Tumblr Icon RSS Icon

Why Australia’s New Transgender Passport Policy Should Be A Model For The World

Posted on  

"Why Australia’s New Transgender Passport Policy Should Be A Model For The World"

Share:

google plus icon

Effective immediately, Australia will now allow people who are transgender or intersex to obtain passports that do not force them to identify with the gender binary. Rather than being “M” or “F,” they can simply be “x.” More importantly, rather than requiring they actually undergo sexual reassignment surgery — a requirement that Human Rights Watch told the Netherlands this week is a violation of transgender human rights — individuals merely need a note from their doctor to establish their “indeterminate” status.

While this decision may sound trivial to some, it could be revolutionary for the way it protects transgender people when they travel. When a person’s gender marker on their passport does not reflect their perceived gender, security personnel see the “mismatch” as suspicious. Trans people are disproportionately selected for invasive screenings like full-body scans and pat-downs.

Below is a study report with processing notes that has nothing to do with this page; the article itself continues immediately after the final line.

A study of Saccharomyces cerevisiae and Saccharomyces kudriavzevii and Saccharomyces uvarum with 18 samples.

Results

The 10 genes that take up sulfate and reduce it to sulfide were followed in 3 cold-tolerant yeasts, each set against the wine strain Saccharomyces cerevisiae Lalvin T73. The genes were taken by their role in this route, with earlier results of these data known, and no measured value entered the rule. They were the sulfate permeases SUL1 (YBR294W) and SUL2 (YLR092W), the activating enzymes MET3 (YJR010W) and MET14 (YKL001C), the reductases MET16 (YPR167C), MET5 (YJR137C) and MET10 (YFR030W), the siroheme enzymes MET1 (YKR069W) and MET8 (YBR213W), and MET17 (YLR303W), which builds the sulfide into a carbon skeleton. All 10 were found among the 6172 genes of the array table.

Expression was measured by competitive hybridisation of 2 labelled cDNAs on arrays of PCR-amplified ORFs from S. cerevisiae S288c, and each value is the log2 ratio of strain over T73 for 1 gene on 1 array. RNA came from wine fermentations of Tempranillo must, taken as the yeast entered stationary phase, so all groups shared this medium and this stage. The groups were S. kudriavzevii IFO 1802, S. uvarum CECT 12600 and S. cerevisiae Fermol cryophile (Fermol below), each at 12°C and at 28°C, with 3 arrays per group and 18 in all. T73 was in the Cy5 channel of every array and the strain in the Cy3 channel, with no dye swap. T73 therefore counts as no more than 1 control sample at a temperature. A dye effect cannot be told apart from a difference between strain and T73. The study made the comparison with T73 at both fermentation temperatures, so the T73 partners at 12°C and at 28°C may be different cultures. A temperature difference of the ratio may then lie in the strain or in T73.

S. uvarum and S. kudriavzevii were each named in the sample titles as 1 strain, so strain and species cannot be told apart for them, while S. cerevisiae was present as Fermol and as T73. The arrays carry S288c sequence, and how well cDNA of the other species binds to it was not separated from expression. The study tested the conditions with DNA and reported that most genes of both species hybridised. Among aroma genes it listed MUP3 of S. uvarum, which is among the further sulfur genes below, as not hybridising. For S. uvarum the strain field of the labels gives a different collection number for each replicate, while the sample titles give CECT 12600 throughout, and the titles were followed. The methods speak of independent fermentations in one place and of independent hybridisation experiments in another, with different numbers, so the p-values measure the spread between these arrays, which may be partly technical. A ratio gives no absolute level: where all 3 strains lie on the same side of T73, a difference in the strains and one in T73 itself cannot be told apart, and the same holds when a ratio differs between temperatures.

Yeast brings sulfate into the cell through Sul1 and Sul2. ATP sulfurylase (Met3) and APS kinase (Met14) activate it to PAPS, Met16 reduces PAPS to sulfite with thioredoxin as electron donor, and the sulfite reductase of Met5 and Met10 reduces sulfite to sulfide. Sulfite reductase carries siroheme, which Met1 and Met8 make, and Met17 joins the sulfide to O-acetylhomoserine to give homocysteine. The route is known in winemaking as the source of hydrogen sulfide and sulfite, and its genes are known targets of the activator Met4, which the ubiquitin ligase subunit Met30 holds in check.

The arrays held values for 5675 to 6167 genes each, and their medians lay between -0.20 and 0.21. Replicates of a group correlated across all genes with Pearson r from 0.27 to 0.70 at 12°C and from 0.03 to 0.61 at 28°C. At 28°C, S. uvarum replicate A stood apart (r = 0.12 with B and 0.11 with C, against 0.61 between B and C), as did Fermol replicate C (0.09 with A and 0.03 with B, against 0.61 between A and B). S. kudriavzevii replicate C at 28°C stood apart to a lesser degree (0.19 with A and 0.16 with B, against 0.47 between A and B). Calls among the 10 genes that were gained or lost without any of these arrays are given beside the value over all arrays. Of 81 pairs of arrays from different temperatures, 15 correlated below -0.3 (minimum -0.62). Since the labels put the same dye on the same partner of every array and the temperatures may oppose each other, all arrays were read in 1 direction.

But this decision also speaks volumes about how to respect trans people. A key goal of transgender equality is teaching society to trust and appreciate a person’s self-proclaimed gender identity. Australia’s new policy accomplishes this by not requiring people who are trans, genderqueer, or intersex to “prove” their gender or fit it into one of two boxes. Encouraging the authenticity of transgender identities counters the intense stigma and injustice they face throughout their lives.

Australia has not yet established full equality for LGBT people, but this is a significant step forward. Governments the world over should follow Australia’s lead by making it so easy for transgender people to self-identify their gender — not just for passports, but all forms of legal identification. Trans people will be safer and society will be better off.

« »

By clicking and submitting a comment I acknowledge the ThinkProgress Privacy Policy and agree to the ThinkProgress Terms of Use. I understand that my comments are also being governed by Facebook, Yahoo, AOL, or Hotmail’s Terms of Use and Privacy Policies as applicable, which can be found here.